When Ruby wakes up on her tenth birthday, something about her has changed. Something alarming enough to make her parents lock her in the garage and call the police. Something that gets her sent to Thurmond, a brutal government “rehabilitation camp.” She might have survived the mysterious disease that’s killed most of America’s children, but she and the others have emerged with something far worse: frightening abilities they cannot control.
Now sixteen, Ruby is one of the dangerous ones.
When the truth comes out, Ruby barely escapes Thurmond with her life. Now she’s on the run, desperate to find the one safe haven left for kids like her–East River. She joins a group of kids who escaped their own camp. Liam, their brave leader, is falling hard for Ruby. But no matter how much she aches for him, Ruby can’t risk getting close. Not after what happened to her parents.
When they arrive at East River, nothing is as it seems, least of all its mysterious leader. But there are other forces at work, people who will stop at nothing to use Ruby in their fight against the government. Ruby will be faced with a terrible choice, one that may mean giving up her only chance at a life worth living.
First off, let me get this out of the way: Do NOT go into this book thinking it’s a standalone! It is the first in a trilogy, and the ending of this book is enough to make you keel over in pain. I’m not sorry I read it, but it’s going to be a very long wait for book number two, which is scheduled for release in late 2013. Not only that, but this book will leave you with plenty to think about in the meantime; it’s definitely one that reaches out and grabs hold of you and doesn’t let go even once you’ve finished.
As someone who works with kids every single day, this book physically hurt me in a way that nothing I’ve read (except for The Book Thief) ever has. The world-building in this story is truly phenomenal, and so gut-wrenchingly real that it’s one of the main things I’m still thinking about days after reading the final words. Imagine, if you will, that almost all of the kids between the ages of 8 and 14 have been affected by a disease which has no cure: you either die from it, or you develop abilities which are so strange and terrifying that it forces the government to lock you away in “rehabilitation” camps to keep everyone else safe from these new things you can now do. At the camps, you’re color-coded depending on what ability you have. These abilities range from something completely unthreatening (you can now break codes and have a photographic memory) to the horrifying (mind control over others, or the ability to light things on fire with a simple touch). The camps have the distinct feel of a concentration camp, and Bracken didn’t exactly mince words when she described what Ruby and the other kids are forced to endure. Even when Ruby escapes, she spends almost every single moment in fear of being caught and sent back to the camp, and that fear is ever-present and almost tangible in not only her, but the other kids she meets. This is not a fairy dust and rainbows kind of world in any form or fashion, not only for these kids, but for everyone else in the US as well.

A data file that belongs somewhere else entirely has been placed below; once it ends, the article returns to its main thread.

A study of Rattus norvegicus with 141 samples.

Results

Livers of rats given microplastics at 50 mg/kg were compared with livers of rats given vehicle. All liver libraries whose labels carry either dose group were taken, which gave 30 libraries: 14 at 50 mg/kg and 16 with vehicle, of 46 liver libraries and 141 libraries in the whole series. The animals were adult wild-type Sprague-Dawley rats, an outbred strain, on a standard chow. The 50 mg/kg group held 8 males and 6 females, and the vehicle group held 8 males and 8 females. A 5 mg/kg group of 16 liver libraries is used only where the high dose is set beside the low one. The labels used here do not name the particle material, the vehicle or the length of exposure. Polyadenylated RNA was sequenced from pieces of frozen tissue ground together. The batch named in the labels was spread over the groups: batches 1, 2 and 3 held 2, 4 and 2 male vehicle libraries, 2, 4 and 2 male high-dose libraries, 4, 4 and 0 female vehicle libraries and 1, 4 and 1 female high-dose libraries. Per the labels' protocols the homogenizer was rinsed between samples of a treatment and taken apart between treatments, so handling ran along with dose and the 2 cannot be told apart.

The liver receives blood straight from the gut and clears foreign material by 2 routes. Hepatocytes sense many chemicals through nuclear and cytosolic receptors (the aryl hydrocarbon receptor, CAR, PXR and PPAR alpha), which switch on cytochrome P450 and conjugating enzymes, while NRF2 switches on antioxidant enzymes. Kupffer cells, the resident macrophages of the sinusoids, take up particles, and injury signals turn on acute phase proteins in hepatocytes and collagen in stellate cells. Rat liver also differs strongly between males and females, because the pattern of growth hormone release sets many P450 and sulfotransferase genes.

Ruby is a very compelling main character, one who hates herself for something that’s completely and utterly beyond her control, and who is forced to make decisions that no sixteen-year-old should have to make. She cries a lot, and she makes bad choices, and she continually has this sense of hatred about herself that causes her to believe she doesn’t deserve anything, least of all Liam. But by the end of the book, Ruby has really sort of found herself, and while I don’t agree with her decisions all of the time, I can’t deny that she’s a much stronger character than she was at the start; Ruby does a lot of growing up, and it’s all there in the pages for us to read and root her on.
But it’s not just the world – or Ruby – that sticks with you. It’s Liam, who is probably the first honest-to-goodness NICE guy I’ve seen in YA literature in a long time, one who has flaws, carries around an enormous amount of guilt, and who loves Ruby so much that it makes your heart hurt a bit. It’s Su, who you can’t help but root for, because she’s having some of the same issues as Ruby but in some ways had it even worse. And there’s Chubs, who takes a while for you to warm up to but turns out to be someone that you can’t help but love all the more for it. And it’s the ending, which takes your heart and crushes it to little tiny pieces, and makes you wonder how things can possibly turn out right and give everyone what they so very much deserve.
The Darkest Minds is an absolutely gripping read that’s impossible to put down. It grabs hold of you and wrenches you around, making you root for the characters you can’t help but love and wish the bad guys would get their comeuppance. There are twists and turns to the story, to the point where you’re constantly guessing about what will happen next, and it’s all set in a world that is truly terrifying. If you’re looking for a well-developed dystopian world, with wonderfully-developed characters and a “can’t stop reading” feeling, look no further than this book. The Darkest Minds will be released on December 18, 2012 in North America.
An e-galley was provided by the publisher via NetGalley in exchange for an honest review.